How the Drive for Smaller Gadgets Is A Boon for Electric Cars

ipodcarVehicles and consumer electronics connect on a lot more levels than plugging an iPod into your car stereo. According to Ford Research (s F) Senior Manager Ted Miller, who spoke today at IBM’s (s IBM) Almaden Institute summit on energy storage in San Jose, Calif., the incredible shrinking gadget represents a boon for the development of affordable electric cars — it all comes down to the battery.

To commercialize electric vehicles with a range of at least 100-200 miles, “A really dramatic change and a series of home runs” will be needed in battery technology, said Miller in his presentation. Put another way the industry needs innovation that can take a significant bite out of the sticker price of batteries for plug-in vehicles — a major obstacle to mass market adoption because the battery represents the most expensive part of an electric car. Miller told me after his presentation that it will be trends in the consumer electronics market that help drive that shift.

Because gadgets were one of the original applications for lithium-ion batteries they are proving to be a fertile ground for innovation. Engineers at electronics giants like Sanyo have been tinkering with lithium ion batteries for years, and making gadgets smaller is a big driver of that. “You’ll always want a smaller iPod,” Miller said. Startups are also doing some “great work” with battery technology, said Miller, who praised the work of stealthy Envia Systems, which developing cathode technology.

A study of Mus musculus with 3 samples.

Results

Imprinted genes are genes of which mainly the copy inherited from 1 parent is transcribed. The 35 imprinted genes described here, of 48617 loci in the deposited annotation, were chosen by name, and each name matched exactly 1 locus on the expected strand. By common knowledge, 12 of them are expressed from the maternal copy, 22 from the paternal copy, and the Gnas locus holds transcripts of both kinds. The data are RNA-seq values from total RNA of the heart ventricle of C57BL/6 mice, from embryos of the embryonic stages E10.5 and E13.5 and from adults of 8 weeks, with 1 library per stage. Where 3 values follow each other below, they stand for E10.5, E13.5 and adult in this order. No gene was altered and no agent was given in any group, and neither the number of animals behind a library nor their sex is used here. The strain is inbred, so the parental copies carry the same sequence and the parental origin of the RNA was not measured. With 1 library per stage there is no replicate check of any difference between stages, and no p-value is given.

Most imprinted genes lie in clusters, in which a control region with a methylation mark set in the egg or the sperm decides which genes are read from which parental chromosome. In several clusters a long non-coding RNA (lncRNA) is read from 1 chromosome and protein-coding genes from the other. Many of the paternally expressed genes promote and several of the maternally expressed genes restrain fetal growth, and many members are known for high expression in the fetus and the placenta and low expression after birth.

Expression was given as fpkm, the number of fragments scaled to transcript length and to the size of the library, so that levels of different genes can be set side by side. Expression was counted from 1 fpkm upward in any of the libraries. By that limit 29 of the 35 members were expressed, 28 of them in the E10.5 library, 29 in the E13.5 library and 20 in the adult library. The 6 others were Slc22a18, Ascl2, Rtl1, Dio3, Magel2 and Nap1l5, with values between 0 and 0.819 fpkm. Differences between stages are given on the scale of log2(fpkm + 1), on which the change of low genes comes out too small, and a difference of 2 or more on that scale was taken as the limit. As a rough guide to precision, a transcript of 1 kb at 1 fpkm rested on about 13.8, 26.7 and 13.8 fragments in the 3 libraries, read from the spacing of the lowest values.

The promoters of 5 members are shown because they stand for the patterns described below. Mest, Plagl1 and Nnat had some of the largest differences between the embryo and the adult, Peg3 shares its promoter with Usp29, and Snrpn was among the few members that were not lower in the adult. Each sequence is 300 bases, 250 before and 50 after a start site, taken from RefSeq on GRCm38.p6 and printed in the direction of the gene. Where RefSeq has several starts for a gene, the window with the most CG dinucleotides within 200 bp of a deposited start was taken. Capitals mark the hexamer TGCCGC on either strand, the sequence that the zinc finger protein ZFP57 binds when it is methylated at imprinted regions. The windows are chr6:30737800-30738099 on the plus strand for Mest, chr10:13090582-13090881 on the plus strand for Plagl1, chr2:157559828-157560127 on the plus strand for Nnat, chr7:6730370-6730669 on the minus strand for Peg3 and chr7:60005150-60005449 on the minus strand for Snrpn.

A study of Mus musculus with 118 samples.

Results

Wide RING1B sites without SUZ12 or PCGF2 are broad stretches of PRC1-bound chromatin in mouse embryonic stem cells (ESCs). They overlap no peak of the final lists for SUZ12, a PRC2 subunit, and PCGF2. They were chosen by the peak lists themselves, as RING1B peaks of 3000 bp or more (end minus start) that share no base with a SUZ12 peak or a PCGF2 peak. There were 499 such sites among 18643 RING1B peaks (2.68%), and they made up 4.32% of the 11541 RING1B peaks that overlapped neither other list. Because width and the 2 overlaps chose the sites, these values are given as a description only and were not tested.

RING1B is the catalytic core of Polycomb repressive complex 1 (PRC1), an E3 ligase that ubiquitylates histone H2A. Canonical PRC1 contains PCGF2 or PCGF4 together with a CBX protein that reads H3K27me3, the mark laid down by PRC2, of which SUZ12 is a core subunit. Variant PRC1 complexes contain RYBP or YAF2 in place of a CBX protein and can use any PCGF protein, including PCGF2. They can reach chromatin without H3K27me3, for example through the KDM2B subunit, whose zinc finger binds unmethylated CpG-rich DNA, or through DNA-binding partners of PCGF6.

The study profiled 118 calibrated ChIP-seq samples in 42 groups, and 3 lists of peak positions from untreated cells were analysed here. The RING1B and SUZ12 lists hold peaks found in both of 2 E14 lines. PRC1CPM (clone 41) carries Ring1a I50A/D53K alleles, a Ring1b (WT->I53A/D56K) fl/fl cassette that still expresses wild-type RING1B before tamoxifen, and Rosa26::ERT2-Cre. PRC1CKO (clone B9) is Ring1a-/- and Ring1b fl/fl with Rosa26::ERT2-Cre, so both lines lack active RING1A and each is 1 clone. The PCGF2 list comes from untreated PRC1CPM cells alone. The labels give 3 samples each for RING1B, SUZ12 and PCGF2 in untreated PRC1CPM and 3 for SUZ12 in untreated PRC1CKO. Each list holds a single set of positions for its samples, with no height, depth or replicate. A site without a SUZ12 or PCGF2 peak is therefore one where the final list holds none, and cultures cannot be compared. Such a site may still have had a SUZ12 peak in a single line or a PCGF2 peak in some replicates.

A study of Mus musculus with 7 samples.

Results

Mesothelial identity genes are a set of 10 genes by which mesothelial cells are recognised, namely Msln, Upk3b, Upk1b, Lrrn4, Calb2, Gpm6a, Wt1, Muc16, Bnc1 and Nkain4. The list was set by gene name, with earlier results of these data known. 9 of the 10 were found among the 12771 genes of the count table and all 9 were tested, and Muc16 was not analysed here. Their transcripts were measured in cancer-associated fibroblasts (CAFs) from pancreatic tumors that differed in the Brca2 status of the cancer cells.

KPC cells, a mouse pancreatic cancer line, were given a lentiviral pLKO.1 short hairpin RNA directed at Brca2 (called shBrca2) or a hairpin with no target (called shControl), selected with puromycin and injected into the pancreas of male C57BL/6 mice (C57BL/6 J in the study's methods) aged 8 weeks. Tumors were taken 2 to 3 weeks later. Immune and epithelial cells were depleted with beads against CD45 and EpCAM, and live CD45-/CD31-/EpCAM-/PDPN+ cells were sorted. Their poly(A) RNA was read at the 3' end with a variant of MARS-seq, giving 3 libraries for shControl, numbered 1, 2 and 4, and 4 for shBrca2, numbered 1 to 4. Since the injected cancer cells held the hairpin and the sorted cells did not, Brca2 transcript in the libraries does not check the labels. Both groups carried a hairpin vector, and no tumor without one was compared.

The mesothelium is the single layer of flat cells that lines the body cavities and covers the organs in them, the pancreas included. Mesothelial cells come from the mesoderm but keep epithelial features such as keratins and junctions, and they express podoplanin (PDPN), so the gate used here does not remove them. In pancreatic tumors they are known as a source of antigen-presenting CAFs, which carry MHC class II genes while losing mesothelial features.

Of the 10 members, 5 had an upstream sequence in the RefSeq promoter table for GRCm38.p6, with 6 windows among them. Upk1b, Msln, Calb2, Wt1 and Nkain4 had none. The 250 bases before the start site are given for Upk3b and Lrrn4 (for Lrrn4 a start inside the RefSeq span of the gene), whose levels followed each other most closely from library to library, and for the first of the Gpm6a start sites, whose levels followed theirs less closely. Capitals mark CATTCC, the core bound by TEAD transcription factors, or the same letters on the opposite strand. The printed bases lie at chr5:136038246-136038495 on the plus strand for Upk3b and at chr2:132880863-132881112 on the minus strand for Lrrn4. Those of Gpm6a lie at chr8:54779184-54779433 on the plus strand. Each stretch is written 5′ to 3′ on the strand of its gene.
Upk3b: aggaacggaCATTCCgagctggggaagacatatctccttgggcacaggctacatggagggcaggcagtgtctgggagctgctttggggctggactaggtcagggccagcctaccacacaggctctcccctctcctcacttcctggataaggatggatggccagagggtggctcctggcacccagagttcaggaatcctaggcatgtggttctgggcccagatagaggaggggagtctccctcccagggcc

But there’s at least one thing electric car developers can’t glean from the advances in technology for laptops and gadgets. Auto and battery makers lack the tech industry maxim that, (as Om put it back in 2007) has made millionaires out of geeks: Moore’s Law, which says the number of transistors on a chip doubles every two years. “We don’t quite expect Moore’s Law to apply directly” to battery technology — doubling energy density or halving cost at a rapid, predictable pace, Miller said after his talk.

Instead of that chip-like doubling, we can expect advancements over the next seven years or so as more resources are dedicated to the tech, and it continues to evolve. “We act like it’s an old technology,” Miller said, when it’s less than 20 years old. That might be ancient by Silicon Valley standards, but it’s a new kid on the block compared with lead-acid batteries, invented more than a century ago. He showed a slide forecasting that we’ll approach the limits of lithium-ion technology, and have a “revolutionary technology change” sometime around 2017. “We’re just trying to put lithium-ion in automotives, so stepping beyond that is obviously of interest,” he said — but it’s still in the lab.

Image courtesy of Flickr creative commons.